STEVE INSKEEP, HOST:

With a crime report of sorts - New York Congressman George Santos has been arrested. He's charged with 13 counts of criminal wrongdoing, including an alleged scheme to defraud donors to his political campaign and also allegations that he tried to cheat New York state's unemployment relief system during the pandemic. NPR's Brian Mann is at the federal courthouse in Islip, N.Y., which is where Mr. Santos turned himself in this morning.

Brian, good morning.

BRIAN MANN, BYLINE: Good morning, Steve.

INSKEEP: Give me some details of these allegations, please.

MANN: Well, first, there's this scheme, according to the feds, where George Santos allegedly cheated campaign donors, telling them that money that they sent to his campaign would be spent on television ads and other efforts to get him elected. Instead, according to the government, he spent that money on luxury designer clothes, making car payments, cash payments to himself and to other friends. Here's what U.S. attorney Breon Peace said. He said, taken together, the allegations and the indictment charged Santos with relying on repeated dishonesty and deception to ascend to the halls of Congress and enrich himself.

INSKEEP: I appreciate hearing these details because when people first began talking about criminal charges against George Santos, it was fair to ask why. He obviously had deceived voters in New York City and on Long Island about his background. But, of course, making up stories is not necessarily a crime. But you're saying it's not strictly about lying. It's about getting money out of people for purposes other than what he said.

MANN: That's right. And if these allegations hold up in court - obviously he's innocent until proven guilty - he routed money that was supposed to go to his political career into his own pocket. Those are the charges that he faces here.

INSKEEP: Now, what is this other scheme that you describe, an allegation that he tried to fraudulently receive unemployment benefits back in 2020?

MANN: Yeah, that's right. What the government says is that in 2020, during the pandemic, when George Santos was employed, earning $120,000 a year and also running in his first campaign - remember he also ran for public office back in 2020 - they say he, at that time, applied for unemployment benefits. And that fraud charge will also be tested in court.

INSKEEP: What is Santos saying?

MANN: Well, it's interesting, Steve. You know, he's been defiant throughout this and has been constantly pushing back against the press and against his critics. But in the last couple of days, he's gone absolutely silent - nothing on Twitter, nothing on social media about these charges. We've reached out to him and to his attorney, and they have not gotten back to us. And so a guy who's been very pugilistic and kind of, you know, punching at his opponents throughout this - not a word from him now that these charges have been filed.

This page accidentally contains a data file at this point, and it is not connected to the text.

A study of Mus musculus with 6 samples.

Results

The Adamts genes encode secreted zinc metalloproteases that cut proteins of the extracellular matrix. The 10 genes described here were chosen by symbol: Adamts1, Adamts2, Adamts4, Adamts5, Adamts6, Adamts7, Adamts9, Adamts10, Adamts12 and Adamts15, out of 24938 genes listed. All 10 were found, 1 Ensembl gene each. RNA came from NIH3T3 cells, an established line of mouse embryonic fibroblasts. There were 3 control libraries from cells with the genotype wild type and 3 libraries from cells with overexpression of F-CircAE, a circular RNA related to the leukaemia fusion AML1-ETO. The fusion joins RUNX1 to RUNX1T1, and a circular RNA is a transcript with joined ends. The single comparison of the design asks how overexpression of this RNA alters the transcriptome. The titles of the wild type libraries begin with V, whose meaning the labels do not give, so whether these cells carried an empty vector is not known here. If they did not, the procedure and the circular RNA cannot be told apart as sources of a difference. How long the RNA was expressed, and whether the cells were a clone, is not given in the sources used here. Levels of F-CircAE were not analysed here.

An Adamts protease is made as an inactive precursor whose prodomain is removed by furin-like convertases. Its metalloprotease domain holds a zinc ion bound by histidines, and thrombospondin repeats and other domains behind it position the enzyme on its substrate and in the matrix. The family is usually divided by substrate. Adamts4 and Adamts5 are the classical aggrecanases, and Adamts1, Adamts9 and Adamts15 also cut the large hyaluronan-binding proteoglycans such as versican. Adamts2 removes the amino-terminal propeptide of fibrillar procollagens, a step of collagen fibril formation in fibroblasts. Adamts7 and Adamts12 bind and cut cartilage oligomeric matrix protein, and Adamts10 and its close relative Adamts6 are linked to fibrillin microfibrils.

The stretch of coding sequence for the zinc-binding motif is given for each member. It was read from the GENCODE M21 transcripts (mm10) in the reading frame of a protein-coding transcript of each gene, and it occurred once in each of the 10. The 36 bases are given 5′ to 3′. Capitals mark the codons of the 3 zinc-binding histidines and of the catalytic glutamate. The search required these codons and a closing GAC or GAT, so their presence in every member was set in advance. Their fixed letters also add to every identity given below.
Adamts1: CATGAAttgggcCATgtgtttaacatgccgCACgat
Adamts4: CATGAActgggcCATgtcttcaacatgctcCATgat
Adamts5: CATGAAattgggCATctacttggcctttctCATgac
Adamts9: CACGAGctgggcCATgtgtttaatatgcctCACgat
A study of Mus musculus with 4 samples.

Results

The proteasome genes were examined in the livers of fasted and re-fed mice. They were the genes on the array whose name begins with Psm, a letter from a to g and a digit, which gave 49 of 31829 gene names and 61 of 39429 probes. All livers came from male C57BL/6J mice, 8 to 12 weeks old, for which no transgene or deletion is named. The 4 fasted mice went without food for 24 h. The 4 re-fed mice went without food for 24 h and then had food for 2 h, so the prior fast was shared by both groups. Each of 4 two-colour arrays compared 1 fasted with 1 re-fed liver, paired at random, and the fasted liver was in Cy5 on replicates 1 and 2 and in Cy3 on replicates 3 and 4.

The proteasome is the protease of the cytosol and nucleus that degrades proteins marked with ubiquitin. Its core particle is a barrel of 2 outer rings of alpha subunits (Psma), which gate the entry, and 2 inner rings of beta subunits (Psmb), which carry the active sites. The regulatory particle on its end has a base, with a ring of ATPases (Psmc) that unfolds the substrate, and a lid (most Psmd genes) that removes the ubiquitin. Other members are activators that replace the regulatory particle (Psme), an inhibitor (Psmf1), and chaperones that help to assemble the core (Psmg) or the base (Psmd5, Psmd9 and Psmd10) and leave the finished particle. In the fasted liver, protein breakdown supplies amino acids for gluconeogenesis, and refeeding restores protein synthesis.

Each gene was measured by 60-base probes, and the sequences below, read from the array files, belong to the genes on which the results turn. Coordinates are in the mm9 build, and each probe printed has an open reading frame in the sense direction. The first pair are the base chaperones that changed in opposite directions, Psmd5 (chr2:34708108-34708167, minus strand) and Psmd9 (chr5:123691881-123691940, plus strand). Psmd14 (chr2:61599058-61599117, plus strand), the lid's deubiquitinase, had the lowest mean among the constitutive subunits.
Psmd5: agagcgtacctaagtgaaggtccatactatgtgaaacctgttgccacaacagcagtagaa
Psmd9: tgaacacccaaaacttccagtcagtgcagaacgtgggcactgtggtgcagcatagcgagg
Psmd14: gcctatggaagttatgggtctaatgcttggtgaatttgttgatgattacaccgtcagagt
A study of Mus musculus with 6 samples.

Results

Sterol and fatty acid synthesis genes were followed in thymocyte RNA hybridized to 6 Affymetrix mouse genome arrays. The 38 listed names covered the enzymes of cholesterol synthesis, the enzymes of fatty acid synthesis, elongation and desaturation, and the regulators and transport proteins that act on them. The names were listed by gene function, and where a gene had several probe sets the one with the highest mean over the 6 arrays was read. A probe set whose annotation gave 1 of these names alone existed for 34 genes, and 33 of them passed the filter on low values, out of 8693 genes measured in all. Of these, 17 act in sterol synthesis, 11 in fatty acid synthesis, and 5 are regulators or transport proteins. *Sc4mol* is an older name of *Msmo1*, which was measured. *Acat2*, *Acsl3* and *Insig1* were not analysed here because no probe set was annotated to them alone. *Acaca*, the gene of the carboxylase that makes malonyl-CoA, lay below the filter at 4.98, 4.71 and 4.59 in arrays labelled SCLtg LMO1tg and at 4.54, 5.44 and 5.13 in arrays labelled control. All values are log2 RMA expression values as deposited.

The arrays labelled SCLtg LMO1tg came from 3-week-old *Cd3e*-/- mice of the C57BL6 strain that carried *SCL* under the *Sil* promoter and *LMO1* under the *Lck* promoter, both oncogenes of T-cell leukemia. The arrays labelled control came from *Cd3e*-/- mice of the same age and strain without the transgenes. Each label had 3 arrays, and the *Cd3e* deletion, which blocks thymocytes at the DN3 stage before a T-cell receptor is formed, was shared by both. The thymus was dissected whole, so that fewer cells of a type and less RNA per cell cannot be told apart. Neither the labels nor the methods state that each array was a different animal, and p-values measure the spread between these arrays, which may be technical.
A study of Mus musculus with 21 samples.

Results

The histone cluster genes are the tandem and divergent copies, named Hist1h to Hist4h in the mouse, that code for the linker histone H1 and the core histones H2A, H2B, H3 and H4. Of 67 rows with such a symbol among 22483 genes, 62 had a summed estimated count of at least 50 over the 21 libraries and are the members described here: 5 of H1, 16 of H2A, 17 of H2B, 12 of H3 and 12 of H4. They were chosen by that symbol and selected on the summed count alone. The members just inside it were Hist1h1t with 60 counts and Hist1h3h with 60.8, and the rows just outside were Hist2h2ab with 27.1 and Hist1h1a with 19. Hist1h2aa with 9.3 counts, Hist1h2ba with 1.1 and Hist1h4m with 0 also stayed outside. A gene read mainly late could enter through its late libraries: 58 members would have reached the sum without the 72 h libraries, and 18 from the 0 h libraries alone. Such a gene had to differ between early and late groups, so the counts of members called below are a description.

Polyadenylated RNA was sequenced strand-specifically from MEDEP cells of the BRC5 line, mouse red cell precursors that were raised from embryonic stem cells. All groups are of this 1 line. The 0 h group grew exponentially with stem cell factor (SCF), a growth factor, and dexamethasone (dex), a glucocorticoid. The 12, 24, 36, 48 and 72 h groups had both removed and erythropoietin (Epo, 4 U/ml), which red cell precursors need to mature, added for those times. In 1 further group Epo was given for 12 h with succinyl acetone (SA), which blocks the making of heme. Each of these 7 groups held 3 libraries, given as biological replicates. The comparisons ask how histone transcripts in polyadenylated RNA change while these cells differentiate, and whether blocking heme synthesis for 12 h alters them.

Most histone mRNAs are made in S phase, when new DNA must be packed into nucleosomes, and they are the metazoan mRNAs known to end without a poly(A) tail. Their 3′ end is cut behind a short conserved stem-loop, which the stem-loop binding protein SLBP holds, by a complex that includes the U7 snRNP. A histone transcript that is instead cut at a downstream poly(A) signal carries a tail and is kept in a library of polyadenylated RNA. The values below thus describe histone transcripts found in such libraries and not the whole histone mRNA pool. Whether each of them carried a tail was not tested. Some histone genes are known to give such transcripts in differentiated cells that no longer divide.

INSKEEP: I guess we should mention there's not a lot of doubt about some of the lies that he told fabrications that he made. What's his - what's the background of these charges?

MANN: Yeah. You know, it's interesting, Steve. He really did push the boundaries of political deception. You're right. Politicians often lie. They embellish. That's what George Santos says he did. You know, but he made up stories about his family being in the Holocaust. He invented an entire professional career for himself. He invented an education background that he did not possess. He claimed to be a competitive volleyball player who led his college team to a championship. It really was very difficult to find anything in his background that really held up under scrutiny. As you say, much of that's not criminal. There are allegations now, though, that he did cross the line repeatedly - 13 charges here that he's now going to have to fight in court.

INSKEEP: You know, ordinarily, a newly elected freshman member of Congress is not that important. And I don't mean that to be dismissive. It's just that you have to stay in Congress a while to become powerful or important normally. But this guy is important because the Republican majority that he's part of is so narrow.

MANN: That's right. He was a key vote getting House Speaker Kevin McCarthy his speaker's gavel. He's been a staunch ally of Speaker McCarthy. Kevin McCarthy was asked about this yesterday. He says he will not demand that Santos step down or resign. He pointed to other politicians, including Democrats, who faced criminal charges in the past but remained in office, kept casting votes while their trial played out. So that appears to be what's going to happen, that while Congressman Santos faces these charges in court, he's going to continue to serve.

INSKEEP: Brian, thanks so much.

MANN: Thank you.

INSKEEP: That's NPR's Brian Mann. Transcript provided by NPR, Copyright NPR.

Brian Mann is NPR's first national addiction correspondent. He also covers breaking news in the U.S. and around the world.